I don’t know why I’d expect a summary of survey results to actually have something intereesting in it, but I guess that’s a bi-product of something that reads as if it was written by committee.
Latino immigrants who have been in the U.S. for decades and those who arrived as children are less connected than those who arrived more recently or migrated as adults. There are also significant differences by country of origin, with Colombians and Dominicans maintaining more active connections than Mexicans, and with Cubans having the least contact.
Somday, I wish a complete report like this would be available online in HTML, not as a file cryptically name 80.pdf. There are some interesting key finding within the report. " The share making trips in the recent past is higher among immigrants with long tenure than among the recent arrivals. Acquiring U.S. citizenship, which is more common among those with more years of residence, is associated with higher levels of recent travel." I guess thats a key finding, but is it that surprising? Recent arrivals are less likely to be able to afford a trip back, or if they are here illegaly, would not risk travelling and having to cross again. This is a behavior that will be reinforced and compounded the harder immigration opponents try to make border crossing. In fact, its one reason why the immigrant population has grown over the last 20 years, migrant workers who once returned South after working have been forced to stay in the US permanently rather than undertaking an ever-riskier border crossing.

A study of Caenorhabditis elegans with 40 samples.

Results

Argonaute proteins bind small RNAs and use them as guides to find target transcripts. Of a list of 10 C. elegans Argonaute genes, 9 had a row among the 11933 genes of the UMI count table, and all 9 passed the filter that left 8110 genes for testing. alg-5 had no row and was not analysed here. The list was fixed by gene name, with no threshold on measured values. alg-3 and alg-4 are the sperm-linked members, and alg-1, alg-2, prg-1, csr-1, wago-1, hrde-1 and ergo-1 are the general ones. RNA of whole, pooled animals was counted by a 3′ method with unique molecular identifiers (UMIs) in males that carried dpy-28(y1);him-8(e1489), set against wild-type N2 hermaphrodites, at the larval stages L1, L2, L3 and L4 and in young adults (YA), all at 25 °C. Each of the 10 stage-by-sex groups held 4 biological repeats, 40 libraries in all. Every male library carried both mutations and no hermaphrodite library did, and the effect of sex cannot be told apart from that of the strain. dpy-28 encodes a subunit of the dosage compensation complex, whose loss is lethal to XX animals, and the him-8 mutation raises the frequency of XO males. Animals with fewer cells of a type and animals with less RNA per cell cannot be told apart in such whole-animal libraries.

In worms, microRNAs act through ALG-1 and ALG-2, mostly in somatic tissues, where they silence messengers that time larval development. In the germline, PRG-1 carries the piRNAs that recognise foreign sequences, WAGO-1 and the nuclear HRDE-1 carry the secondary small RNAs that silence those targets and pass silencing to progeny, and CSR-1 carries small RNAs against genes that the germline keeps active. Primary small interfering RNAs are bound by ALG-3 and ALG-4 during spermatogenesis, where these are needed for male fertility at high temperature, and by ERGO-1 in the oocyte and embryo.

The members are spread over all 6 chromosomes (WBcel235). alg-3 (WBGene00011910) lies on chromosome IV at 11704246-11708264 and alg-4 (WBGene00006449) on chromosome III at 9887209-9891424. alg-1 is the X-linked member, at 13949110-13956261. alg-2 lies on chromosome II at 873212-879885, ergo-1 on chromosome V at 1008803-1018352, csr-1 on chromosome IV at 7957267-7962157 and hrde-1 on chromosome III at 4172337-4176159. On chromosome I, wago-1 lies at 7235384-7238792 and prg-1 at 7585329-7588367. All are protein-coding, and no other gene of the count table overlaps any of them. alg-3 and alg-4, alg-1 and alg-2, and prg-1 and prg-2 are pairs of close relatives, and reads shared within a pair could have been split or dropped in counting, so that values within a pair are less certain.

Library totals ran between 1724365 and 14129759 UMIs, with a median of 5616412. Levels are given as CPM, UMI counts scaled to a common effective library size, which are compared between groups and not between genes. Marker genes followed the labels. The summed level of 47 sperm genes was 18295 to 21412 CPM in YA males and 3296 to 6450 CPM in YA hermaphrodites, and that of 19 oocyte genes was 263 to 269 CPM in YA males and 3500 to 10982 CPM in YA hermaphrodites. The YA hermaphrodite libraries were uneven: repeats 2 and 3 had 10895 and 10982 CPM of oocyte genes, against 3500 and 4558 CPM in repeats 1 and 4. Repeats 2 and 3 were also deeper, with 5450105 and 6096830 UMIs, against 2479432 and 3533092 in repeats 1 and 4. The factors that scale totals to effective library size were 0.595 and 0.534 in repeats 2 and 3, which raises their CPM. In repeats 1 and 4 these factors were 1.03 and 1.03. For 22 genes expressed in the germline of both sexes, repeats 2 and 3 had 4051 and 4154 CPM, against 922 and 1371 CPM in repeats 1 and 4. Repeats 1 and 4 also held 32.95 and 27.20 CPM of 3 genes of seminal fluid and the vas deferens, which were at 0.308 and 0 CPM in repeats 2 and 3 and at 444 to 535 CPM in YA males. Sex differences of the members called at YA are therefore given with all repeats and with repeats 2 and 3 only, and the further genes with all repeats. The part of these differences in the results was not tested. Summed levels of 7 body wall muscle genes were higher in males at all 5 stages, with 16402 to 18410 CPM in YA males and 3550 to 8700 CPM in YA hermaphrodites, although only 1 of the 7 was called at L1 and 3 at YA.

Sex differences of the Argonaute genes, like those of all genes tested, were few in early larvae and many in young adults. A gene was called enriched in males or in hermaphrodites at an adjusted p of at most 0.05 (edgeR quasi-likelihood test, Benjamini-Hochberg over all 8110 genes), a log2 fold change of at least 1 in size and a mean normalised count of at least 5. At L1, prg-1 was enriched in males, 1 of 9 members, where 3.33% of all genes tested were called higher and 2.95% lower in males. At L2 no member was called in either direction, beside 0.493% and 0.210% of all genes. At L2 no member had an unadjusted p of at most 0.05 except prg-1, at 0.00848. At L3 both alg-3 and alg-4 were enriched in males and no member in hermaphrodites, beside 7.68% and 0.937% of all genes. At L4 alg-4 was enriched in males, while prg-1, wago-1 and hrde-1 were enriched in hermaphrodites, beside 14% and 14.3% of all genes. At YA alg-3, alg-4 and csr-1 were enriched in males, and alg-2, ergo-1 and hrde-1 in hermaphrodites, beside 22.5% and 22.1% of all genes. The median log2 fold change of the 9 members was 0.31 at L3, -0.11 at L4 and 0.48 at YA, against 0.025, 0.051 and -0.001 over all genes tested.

Another fascinating finding, is that the longer immigrants stay here the more likely the describe themselves as American (56% of those here 30-39 years), plan to stay (73% of those those here 20-29 years, up to 96% of those 40+ years here), and less likley to consider their country of birth as real homelan (only 38% of those here 20-29 years).
Am I knocking this survey – maybe a bit. But it does provide very useful, quantified information, about how attached latino immigrants are to their country, and points out that the longer the stay in the US the less attached, some would call that "assimilated", they become. If you look at the report, skip the summary and executive summary, check out the data, and read the more interesting conclusions at the end.
The long-term trend, however, is toward a steadily deepening commitment to the U.S. Phone calls, travel, remittances—the three major transnational activities— start off high, but all fall off among those who have been in the U.S. for longer periods of time. By contrast, attachment to this country is strong among recent arrivals and then rises among the long-term immigrants. Even among immigrants living in the U.S. for less than 10 years, more than half are planning to stay for good and a similar proportion report that the U.S. is the locus of their political and social concerns. Levels of attachment are stronger still among more established residents.